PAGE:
Failure to Diagnose Breast Cancer

In the United States, breast cancer is the most common type of cancer in women and is the second leading cause of death for all women. Unfortunately, many women are misdiagnosed or diagnosed too late when physicians fail to recognize symptoms and order the appropriate tests in a timely fashion. When a general practitioner, OBGYN, radiologist or other healthcare professional negligently fails to diagnose a breast lesion early, it can result in advanced stages of breast cancer, loss of timely treatment options and decreased chances of survival.

Breast Cancer Medical Malpractice includes the following:

  • Failure to diagnose
  • Misdiagnosis
  • Delayed treatment
  • Failing to perform a breast examination which would have identified a tumor
  • Failing to identify a palpable lump during a breast examination
  • Misdiagnosis of a tumor for a breast infection
  • Misdiagnosis of a tumor as benign and failing to recommend biopsy or removal
  • Disregarding history of symptoms such as sharp pain in breast
  • Disregarding signs of retraction
  • Failing to determine the cause of nipple discharge
  • Relying upon a negative aspiration biopsy
  • Relying upon a mammography in lieu of physical breast examination
  • Failing to order a mammogram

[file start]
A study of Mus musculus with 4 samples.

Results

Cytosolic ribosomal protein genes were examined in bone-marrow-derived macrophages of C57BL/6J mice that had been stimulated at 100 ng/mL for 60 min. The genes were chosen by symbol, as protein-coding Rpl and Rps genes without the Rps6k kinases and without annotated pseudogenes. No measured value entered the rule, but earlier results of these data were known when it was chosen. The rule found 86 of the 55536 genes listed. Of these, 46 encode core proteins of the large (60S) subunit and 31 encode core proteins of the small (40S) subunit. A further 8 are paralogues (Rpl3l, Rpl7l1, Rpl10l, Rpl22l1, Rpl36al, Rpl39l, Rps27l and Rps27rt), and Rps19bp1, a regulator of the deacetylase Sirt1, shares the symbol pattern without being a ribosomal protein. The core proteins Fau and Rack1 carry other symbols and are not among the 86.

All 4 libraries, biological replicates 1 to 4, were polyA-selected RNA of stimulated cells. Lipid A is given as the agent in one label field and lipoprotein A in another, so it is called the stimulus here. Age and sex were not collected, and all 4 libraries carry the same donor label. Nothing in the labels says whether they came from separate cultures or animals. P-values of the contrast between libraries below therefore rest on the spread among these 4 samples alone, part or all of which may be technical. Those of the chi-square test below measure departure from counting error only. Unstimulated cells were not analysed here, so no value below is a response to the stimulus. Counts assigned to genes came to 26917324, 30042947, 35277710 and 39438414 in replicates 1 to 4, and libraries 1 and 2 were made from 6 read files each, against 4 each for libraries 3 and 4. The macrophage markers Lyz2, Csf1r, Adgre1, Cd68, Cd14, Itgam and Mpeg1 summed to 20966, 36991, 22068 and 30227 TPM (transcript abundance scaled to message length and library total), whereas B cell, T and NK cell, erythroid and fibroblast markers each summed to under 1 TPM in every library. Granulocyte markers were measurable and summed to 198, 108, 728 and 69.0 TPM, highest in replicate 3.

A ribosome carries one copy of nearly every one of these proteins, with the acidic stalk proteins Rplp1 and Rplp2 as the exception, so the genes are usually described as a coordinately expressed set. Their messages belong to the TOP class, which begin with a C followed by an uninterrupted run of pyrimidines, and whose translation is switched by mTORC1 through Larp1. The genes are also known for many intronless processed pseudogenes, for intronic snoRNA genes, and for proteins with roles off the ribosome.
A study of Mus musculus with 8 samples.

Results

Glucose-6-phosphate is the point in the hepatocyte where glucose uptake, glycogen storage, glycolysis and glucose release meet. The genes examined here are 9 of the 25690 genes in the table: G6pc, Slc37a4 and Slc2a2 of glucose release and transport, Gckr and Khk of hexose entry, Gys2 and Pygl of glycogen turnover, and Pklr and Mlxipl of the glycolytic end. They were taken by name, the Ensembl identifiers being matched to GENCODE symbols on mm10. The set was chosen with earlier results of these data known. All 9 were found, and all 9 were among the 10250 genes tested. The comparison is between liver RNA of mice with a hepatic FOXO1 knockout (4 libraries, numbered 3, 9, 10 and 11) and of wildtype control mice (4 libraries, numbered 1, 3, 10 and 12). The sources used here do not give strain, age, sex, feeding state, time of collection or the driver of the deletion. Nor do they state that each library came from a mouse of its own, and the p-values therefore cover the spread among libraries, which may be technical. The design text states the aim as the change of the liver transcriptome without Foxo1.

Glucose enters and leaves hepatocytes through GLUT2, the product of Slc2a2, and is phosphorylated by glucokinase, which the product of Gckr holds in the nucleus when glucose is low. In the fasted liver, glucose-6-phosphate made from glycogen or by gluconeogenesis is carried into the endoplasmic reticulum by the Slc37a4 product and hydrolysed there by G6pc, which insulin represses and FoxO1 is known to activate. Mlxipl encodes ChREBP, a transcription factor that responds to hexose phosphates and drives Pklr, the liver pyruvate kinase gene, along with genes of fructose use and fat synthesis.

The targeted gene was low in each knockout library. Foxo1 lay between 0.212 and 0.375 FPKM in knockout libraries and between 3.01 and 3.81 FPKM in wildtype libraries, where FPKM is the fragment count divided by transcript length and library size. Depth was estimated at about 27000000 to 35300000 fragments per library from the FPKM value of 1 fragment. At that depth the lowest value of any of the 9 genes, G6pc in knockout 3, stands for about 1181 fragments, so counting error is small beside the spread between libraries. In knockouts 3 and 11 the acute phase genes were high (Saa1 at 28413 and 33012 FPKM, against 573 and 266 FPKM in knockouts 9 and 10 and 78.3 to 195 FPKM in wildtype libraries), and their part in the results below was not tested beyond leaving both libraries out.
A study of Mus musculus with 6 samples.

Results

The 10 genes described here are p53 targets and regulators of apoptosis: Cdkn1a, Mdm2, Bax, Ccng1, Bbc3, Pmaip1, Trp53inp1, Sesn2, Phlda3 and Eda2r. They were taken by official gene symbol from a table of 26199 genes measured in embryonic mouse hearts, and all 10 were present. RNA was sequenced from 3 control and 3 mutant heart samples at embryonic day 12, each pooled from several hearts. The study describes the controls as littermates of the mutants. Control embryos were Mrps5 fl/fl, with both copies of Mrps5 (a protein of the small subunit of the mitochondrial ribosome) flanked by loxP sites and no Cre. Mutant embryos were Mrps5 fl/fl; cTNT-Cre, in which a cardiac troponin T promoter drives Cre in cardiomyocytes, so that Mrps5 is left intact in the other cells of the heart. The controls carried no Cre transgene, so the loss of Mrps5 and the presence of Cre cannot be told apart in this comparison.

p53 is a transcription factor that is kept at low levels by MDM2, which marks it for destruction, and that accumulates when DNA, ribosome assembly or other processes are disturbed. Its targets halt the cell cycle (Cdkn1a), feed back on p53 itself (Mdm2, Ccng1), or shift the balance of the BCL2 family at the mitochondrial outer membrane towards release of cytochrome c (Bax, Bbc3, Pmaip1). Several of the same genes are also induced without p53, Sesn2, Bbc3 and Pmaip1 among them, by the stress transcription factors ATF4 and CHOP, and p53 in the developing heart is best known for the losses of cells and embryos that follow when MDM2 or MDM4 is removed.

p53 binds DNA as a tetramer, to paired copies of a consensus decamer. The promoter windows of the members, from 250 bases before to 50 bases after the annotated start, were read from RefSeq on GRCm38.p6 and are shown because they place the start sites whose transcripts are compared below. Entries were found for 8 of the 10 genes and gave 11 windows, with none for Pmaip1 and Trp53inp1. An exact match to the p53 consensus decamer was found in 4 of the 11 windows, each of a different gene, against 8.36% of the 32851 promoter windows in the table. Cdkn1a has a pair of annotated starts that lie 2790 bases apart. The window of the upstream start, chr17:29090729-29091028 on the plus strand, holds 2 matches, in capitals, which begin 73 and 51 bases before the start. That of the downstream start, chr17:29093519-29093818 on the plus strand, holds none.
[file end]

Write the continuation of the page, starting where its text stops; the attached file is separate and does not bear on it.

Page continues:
• Misinterpreting a mammogram
  • Failing to react to mammogram findings
  • Failing to order a biopsy
  • Failing to order ultrasound when indicated
  • Failing to follow up with the patient
  • Failing to refer the patient for surgical consultation

What is Breast Cancer?

Breast cancer is a cancer of the breast tissue. It is a common cancer in women worldwide and early detection is key. In the United States, it is estimated that 1 out of every 9 women will develop breast cancer in their life time.

Several types of Breast Cancer exist including:

  • Ductal carcinoma - Ductal carcinoma is one of the most common types of breast cancer in women and is diagnosed when cancer cells develop within the milk ducts of the breast.
  • Lobular carcinoma - Lobular carcinoma is cancer of the lobules, milk-producing glands in a woman's breast.
  • Inflammatory breast cancer - Inflammatory breast cancer is an especially aggressive type of breast cancer that can occur in woman of any age. It is often not detected by mammography or ultrasound and does not present traditional symptoms of the lump. It causes breast changes in the nipple and surrounding areas.

Other types of breast cancer include: Medullary carcinoma, Colloid carcinoma, Papillary carcinoma, and Metaplastic carcinoma.

What risk factors are associated with the onset of Breast Cancer?

Breast cancer is often attributed to be the result of DNA damage. Several factors have been identified or hypothesized to playing a role in the onset of breast cancer in New York. The following risk factors may increase the risk of breast cancer in women:

  • Genetics and Family History
  • Environmental Causes
  • Age
  • Alcohol
  • Hormone Therapy
  • Exposure to secondhand cigarette smoke
  • Exposure to ionizing radiation
  • Increased blood levels of estrogen

Legal Help for Breast Cancer Medical Malpractice Victims

If you, a family member or a friend were improperly diagnosed or treated for breast cancer due to the negligence or medical malpractice of a hospital, doctor, or medical facility, contact a breast cancer medical malpractice lawyer at the Finz firm now toll free at (855) TOP-FIRM to speak with an experienced breast cancer medical malpractice lawyer or fill out the Free Breast Cancer Malpractice Case Evaluation form.